Besides throwing up some links every so often to some of the best written NBA blogs on this planet for their immaculate NBA previews, I also have the lovely duty of putting together a preview for my hometown Miami Heat.  No, this site is not a basketball-specific blog, but this is the third year that I have been putting these previews together, and last year, I did pretty damn well picking the final record of the Heat (I was one win off).  Let’s see how I fare this year.  And now, make some noise…for your…MIAMI HEATTTTTT.

heat dancers

Okay, so now that I have your attention…

Team Name: Miami Heat
Last Year’s Record:
Key Losses:
Jamario Moon, Mark Blount
Key Additions:
Carlos Arroyo, Shavlik Randolph, John Lucas, Quentin Richardson

1. What significant moves were made during the offseason?

Unfortunately for the Heat, the biggest move was acquiring Quentin Richardson from the Minnesota for salary hound center, Mark Blount. This summer, the Heat missed out on acquiring swing-man forward, Lamar Odom from the defending champion Lakers, and the bruising Carlos Boozer from the Jazz. The good news for Richardson and the Heat is that he brings the long ball threat that Miami loves to utilize, and he is also a long time friend of Dwyane Wade, who the Heat hope to sign an extension with this year. The Heat’s addition of Carlos Arroyo to their roster adds a veteran guard to the backcourt.

2. What are the team’s biggest strengths?

The Miami Heat’s biggest strength is…Dwyane Wade, surprised?  After a strong comeback season where he finished top 3 in MVP votes, “Flash” is back and better than ever. If second year forward Michael Beasley can get past his offseason woes, Pat Riley’s dream of a great tag-team can come full circle. The development of Mario Chalmers allows the Heat to run a fast paced offense, and by this season’s end, Chalmers will most likely be a top tier guard in the league.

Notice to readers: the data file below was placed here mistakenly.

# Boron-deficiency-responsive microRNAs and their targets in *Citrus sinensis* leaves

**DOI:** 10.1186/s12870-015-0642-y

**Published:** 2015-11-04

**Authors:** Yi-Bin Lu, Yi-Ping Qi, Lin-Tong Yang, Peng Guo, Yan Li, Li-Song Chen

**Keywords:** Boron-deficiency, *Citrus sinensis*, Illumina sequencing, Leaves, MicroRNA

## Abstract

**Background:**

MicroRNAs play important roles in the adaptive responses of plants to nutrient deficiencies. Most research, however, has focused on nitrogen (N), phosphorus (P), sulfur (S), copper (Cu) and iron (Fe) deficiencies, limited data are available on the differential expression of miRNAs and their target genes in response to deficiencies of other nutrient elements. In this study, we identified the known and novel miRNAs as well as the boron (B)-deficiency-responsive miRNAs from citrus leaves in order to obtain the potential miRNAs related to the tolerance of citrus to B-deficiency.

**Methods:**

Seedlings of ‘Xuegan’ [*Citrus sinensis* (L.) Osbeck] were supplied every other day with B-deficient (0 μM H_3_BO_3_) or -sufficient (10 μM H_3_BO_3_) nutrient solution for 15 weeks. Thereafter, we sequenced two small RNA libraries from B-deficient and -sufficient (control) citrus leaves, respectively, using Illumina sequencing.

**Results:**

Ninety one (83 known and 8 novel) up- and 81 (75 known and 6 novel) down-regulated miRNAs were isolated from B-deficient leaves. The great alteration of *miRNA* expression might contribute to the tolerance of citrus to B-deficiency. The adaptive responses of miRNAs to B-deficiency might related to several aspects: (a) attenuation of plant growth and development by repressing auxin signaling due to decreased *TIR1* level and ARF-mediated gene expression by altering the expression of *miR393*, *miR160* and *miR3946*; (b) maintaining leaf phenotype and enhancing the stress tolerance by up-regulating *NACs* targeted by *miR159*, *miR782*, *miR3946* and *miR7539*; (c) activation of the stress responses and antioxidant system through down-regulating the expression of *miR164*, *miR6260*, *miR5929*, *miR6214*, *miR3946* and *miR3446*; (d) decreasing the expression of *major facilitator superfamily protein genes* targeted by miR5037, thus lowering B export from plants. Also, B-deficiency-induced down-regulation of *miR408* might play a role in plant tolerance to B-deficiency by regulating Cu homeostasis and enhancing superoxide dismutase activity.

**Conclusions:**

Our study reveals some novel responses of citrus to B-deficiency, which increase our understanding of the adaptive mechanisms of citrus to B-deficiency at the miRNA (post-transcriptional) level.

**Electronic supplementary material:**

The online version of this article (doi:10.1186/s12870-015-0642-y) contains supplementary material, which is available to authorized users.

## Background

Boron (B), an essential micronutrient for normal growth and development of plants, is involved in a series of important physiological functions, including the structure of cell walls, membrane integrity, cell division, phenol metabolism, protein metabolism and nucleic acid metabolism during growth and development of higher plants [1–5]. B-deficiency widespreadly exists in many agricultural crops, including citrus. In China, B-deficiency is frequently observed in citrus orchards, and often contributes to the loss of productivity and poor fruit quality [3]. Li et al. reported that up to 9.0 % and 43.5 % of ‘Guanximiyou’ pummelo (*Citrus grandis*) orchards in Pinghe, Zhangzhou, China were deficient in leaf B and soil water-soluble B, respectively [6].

3. What are the team’s biggest weaknesses?

Since the departure of Shaq and the retiring of Alonzo Mourning, the Heat’s biggest hole is the center position. Year after year the Heat try to develop a young center, but the products have been Earl Barron and Joel Anthony…enough said. With the mid-season acquisition of Jermaine O’Neal, the soft spot of the defense was hopefully going to be filled, but it seems only temporary. Perhaps with a Magloire, Anthony, and O’Neal frontcourt, the Heat can contend with the size the East has to offer.

4. What are the goals for this team?

Every so often, a summer like the one upcoming brings such great free agents that a team wants all of them. The Heat are looking to sign the likes of Chris Bosh, Amare Stoudamire, and/or put a bid in for LeBron James. The main goal is to sign Dwyane Wade to a multi-year deal in order to keep him from testing the free agent waters. The Heat are looking to add another big name to play along side Wade to not only keep him happy, but to keep the people of Miami interested.

5. Don’t count out Daequan Cook.

The third year guard out of Ohio State has shown significant improvement after each summer, including winning the 3-point shooting contest last All-Star break.  The 6-5 guard gives the Heat different looks at the guard position, and Cook has proved to be a good defender, and will only get better with experience. Look for big things from him this year.

Predicted Record: 44- 38. Due to the lack of free agent signings, the Miami Heat will improve only slightly this season and will enter the playoffs at a 4-6 seed.

By Darren Heitner

Darren Heitner created Sports Agent Blog as a New Year's Resolution on December 31, 2005. Originally titled, "I Want To Be A Sports Agent," the website was founded with the intention of causing Heitner to learn more about the profession that he wanted to join, meet reputable individuals in the space and force himself to stay on top of the latest news and trends.

Heitner now runs Heitner Legal, P.L.L.C., which is a law firm with many practice areas, including sports law and contract law. Heitner has represented numerous athletes and sports agents as legal counsel. He has also served as an Adjunct Professor at Indiana University Bloomington from 2011-2014, where he created and taught a course titled, Sport Agency Management, which included subjects ranging from NCAA regulations to athlete agent certification and the rules governing the profession. Heitner serves as an Adjunct Professor at the University of Florida Levin College of Law, where he teaches a Sports Law class that includes case law surrounding athlete agents and the NCAA rules.